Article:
Virginia Pollard worked as a cashier and clerk for Teddy’s Supplies, a family-owned chain of film production equipment supply stores in Pennsylvania and New Jersey. During a routine performance evaluation, Virginia’s supervisor at Teddy’s complained that she made too many personal phone calls when she worked in the West Orange store. The supervisor noted this on Virginia’s annual review, and warned her to keep personal calls to a bare minimum while at work. Soon thereafter, Teddy transferred Pollard to guard film equipment in the main warehouse behind the storefront; Virginia couldn’t make personal calls there, and her work became exemplary. Her performance evaluation three months after her transfer was “meeting expectations” with no negative comments.
Virginia Pollard was the only woman working in the warehouse, and she was often the victim of pranks perpetrated by her six male colleagues. Her coworkers taped her drawers shut, locked her out of the guard shack she sat in to watch the inventory, filled the guard shack with trash, and backed a forklift up to the door and made it backfire in her ear. One day, a Teddy delivery driver sat in Pollard’s chair and, when she tried to push him out of it, he bent her over his lap and spanked her. Pollard’s new supervisor, Steve King, rarely enforced Teddy’s rules against smoking, horseplay, foul language, and sexual harassment and often indulged in such behaviors himself. Teddy’s had a written sexual harassment policy that included a method for employees to report sexual harassment – the method included filing a complaint with the direct supervisor unless the direct supervisor was the perpetrator. In that event, the employee was to file the complaint online at www.ReportTeddysafely.com. The form for reporting was a one-page document. A copy of the policy that Virginia Pollard signed is located here. The policy specifically states,
“In the event of a violation of this policy, employees should report the violation to their direct supervisor, unless doing so would put the employee at risk of further discrimination or harassment. In that case, the employee should report using the company website form which will submit the incident to Human Resources.”
Pollard never filed a complaint with Steve King, her supervisor; she also did not file a complaint at the website, although she claimed she told King in July 2008 that she felt she was being “picked on” by the guys she worked with. She claims Steve King told her to “grow some balls” and to “get over herself.” She testified during the NJ Human Rights Commission hearing that she tried to file an anonymous complaint but the website wasn’t working the day she tried to do so.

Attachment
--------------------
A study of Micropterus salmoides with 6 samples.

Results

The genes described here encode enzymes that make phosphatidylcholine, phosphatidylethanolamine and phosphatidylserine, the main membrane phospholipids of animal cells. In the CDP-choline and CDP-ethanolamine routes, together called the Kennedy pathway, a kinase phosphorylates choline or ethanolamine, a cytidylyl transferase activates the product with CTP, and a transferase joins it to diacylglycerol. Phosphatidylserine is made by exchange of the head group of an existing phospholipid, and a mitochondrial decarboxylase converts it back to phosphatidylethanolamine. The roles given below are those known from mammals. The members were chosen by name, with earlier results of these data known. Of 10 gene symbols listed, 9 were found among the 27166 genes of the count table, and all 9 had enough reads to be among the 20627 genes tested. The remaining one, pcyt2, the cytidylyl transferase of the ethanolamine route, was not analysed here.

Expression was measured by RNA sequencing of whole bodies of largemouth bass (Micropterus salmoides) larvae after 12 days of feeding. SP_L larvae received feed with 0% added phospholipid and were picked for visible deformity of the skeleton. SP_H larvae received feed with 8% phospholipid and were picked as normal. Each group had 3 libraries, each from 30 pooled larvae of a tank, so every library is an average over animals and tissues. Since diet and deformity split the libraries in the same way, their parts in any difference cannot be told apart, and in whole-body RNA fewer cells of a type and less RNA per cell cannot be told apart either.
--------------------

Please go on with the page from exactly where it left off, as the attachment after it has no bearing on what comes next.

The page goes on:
In August of 2008, King and the other warehouse workers put a sign on a truck that read “HARDHAT REQUIRED/BRA OPTIONAL.” King and another employee called Pollard over to look at the sign and encouraged her to do as it said. She refused and tried to walk away. King promised not to report her to management, whereupon she lifted one side of her shirt in the back and exposed part of her bra on her backside. Upper management learned of the incident that October by a coworker who filed an anonymous complaint online. After a brief investigation, Pollard was fired for exposing her bra. None of the men were disciplined. A man replaced Pollard in the guard shack.
That November, Pollard filed a charge of sex discrimination with the New Jersey Commission on Human Rights. The Commission found that Pollard had been the victim of sex discrimination and that Teddy’s reasons for firing her were pretext, and awarded her back wages and damages. Teddy’s appealed to the circuit court, including in their case that Pollard had committed several infractions, including participating in the spanking incident. They reported that Pollard had failed to report any sexual harassment and included a copy of their sexual harassment policy as part of their defense case. The Circuit Court found that Teddy did have good reason to discipline Pollard but that firing her was in fact disparate treatment when compared with the utter lack of discipline given to King. The circuit court reversed the Commission’s award of damages because it believed that Teddy had been right to discipline Pollard, but they ordered Teddy’s to reinstate Pollard to her old position. Pollard appealed to the New Jersey Court of Appeals and refused to accept her job back.
You are an independent human resources consultant who was hired by Teddy’s Supplies to consult on this case during the appeal.